Last week we talked about cutting back on life’s luxuries. Today we carry on the same theme with a focus on children.
It’s so easy to spend on kids. Even when you’re dealing with your last few pennies if they ask for something you almost always want to say yes. The unfortunate consequence of this is that they become spoilt, unruly and difficult to control both at home and at school. For kids that love their food they become obese all too quickly.
Children are very perceptive; even before the age of three they can have you completely wrapped around their little finger without you realising it.
The beauty with children, however, is that it doesn’t cost much to keep them happy. There are so many things you can cut out without compromising at all on their well being.
This is a special bug bear for me. In the long run nappies are far more expensive than terry nappies (matewela) but so many people insist on using nappies even when they can ill-afford them. If you have a maid to wash the nappies that makes it even easier to commit to terry.
Nowadays you can even get terry nappies designed to look like a disposable nappy so that they are easy to put on. Don’t write off terry nappies before at least trying them.
Children grow extremely quickly. Don’t buy clothes if you don’t have to. Ask family and close friends to share their old clothes with you and when your child outgrows them, pass them on to someone else. Your child won’t mind and won’t even know the difference – well, not in the early days at least.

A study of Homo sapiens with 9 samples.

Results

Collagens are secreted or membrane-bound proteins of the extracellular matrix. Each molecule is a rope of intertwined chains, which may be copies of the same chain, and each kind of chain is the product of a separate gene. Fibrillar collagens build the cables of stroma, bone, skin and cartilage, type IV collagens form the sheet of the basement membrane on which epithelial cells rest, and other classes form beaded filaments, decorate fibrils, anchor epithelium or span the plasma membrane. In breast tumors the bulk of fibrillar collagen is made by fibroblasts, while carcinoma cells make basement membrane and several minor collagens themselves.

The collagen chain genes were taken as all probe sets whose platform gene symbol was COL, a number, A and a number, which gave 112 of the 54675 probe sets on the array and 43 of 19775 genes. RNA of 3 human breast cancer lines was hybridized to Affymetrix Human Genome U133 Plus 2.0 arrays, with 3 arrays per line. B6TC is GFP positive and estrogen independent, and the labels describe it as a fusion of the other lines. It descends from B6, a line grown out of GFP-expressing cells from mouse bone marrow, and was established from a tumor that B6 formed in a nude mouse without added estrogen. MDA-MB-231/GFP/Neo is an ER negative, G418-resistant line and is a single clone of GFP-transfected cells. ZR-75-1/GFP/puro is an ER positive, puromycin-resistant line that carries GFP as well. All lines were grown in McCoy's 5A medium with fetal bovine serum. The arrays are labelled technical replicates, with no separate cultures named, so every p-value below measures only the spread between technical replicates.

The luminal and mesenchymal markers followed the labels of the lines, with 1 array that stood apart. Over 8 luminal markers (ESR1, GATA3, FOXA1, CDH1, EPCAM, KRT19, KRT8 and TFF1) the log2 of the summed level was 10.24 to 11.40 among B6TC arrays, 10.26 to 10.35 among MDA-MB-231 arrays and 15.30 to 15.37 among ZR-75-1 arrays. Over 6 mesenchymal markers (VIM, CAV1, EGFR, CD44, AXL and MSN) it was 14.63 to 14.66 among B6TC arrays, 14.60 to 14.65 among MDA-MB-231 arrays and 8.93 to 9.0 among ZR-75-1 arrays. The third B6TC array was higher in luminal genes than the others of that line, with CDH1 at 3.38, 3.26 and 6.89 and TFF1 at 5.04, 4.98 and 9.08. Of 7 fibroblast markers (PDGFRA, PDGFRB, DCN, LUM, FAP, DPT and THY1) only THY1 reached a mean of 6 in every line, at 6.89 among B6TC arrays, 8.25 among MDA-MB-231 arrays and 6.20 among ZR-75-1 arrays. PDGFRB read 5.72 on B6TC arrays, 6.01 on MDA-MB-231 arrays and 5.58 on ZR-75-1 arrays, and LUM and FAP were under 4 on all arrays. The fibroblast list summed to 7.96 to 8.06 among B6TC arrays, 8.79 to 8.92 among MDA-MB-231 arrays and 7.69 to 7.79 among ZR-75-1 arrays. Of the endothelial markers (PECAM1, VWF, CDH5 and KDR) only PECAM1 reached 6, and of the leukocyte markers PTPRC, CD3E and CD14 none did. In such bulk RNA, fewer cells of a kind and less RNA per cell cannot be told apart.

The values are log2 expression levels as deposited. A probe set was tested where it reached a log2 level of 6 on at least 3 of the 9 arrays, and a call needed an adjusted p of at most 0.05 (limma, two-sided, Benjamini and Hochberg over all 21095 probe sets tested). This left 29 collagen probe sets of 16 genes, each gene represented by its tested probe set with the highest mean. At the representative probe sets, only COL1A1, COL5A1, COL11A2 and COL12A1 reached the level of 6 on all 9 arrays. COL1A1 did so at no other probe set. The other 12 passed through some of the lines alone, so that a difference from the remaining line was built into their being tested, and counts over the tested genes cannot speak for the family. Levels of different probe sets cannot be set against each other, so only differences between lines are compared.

One day I was at a friend of a friend’s house and she spent all day on the phone bugging her baby daddy to come and drop some money off for formula! I don’t know if this was a strategy for just hustling him but in the end he did drop off the money and she went off to get the formula when she was perfectly capable of breastfeeding.
Breast is best. It’s what God designed so it baffles me when people choose, instead, to spend lots of money on dried cow’s milk for their offspring.
Another big luxury. Phala is, in fact, more healthy and several times cheaper. For the fortunate few, their children reject Cerelac and prefer likuni phala or even just phala made from mgaiwa from the market.
If you can’t really afford Cerelac don’t even start buying it. Get your child used to the cheaper, healthier stuff.
Purity Baby Food
I’ve never seen anything more ghastly in my life. I don’t know how the marketers convinced us that foods that have been packed into glass bottles and sat on a shelf for weeks or even months are a premium product compared to their fresh alternatives but they have. It is far healthier to buy fresh vegetables and fruits from the market, boil them up and mash them for your kids. It’s also a lot cheaper.
This is one area where you can save lots of money immediately. Purity and other pre-packaged foods are inferior goods compared to fresh food. The only plus in my opinion is the convenience. If you plan in advance, you should be able to feed healthier, fresh food to your precious babies.
“I highly recommend getting your career established first and then having children.” Arizona Muse
For 2 years until early 2014 I wrote a weekly personal finance and business column for Malawi's leading media house, The Times Group. The target is middle-class, working African women.
This is a reproduction of the articles that appeared in the weekend edition of Malawi News.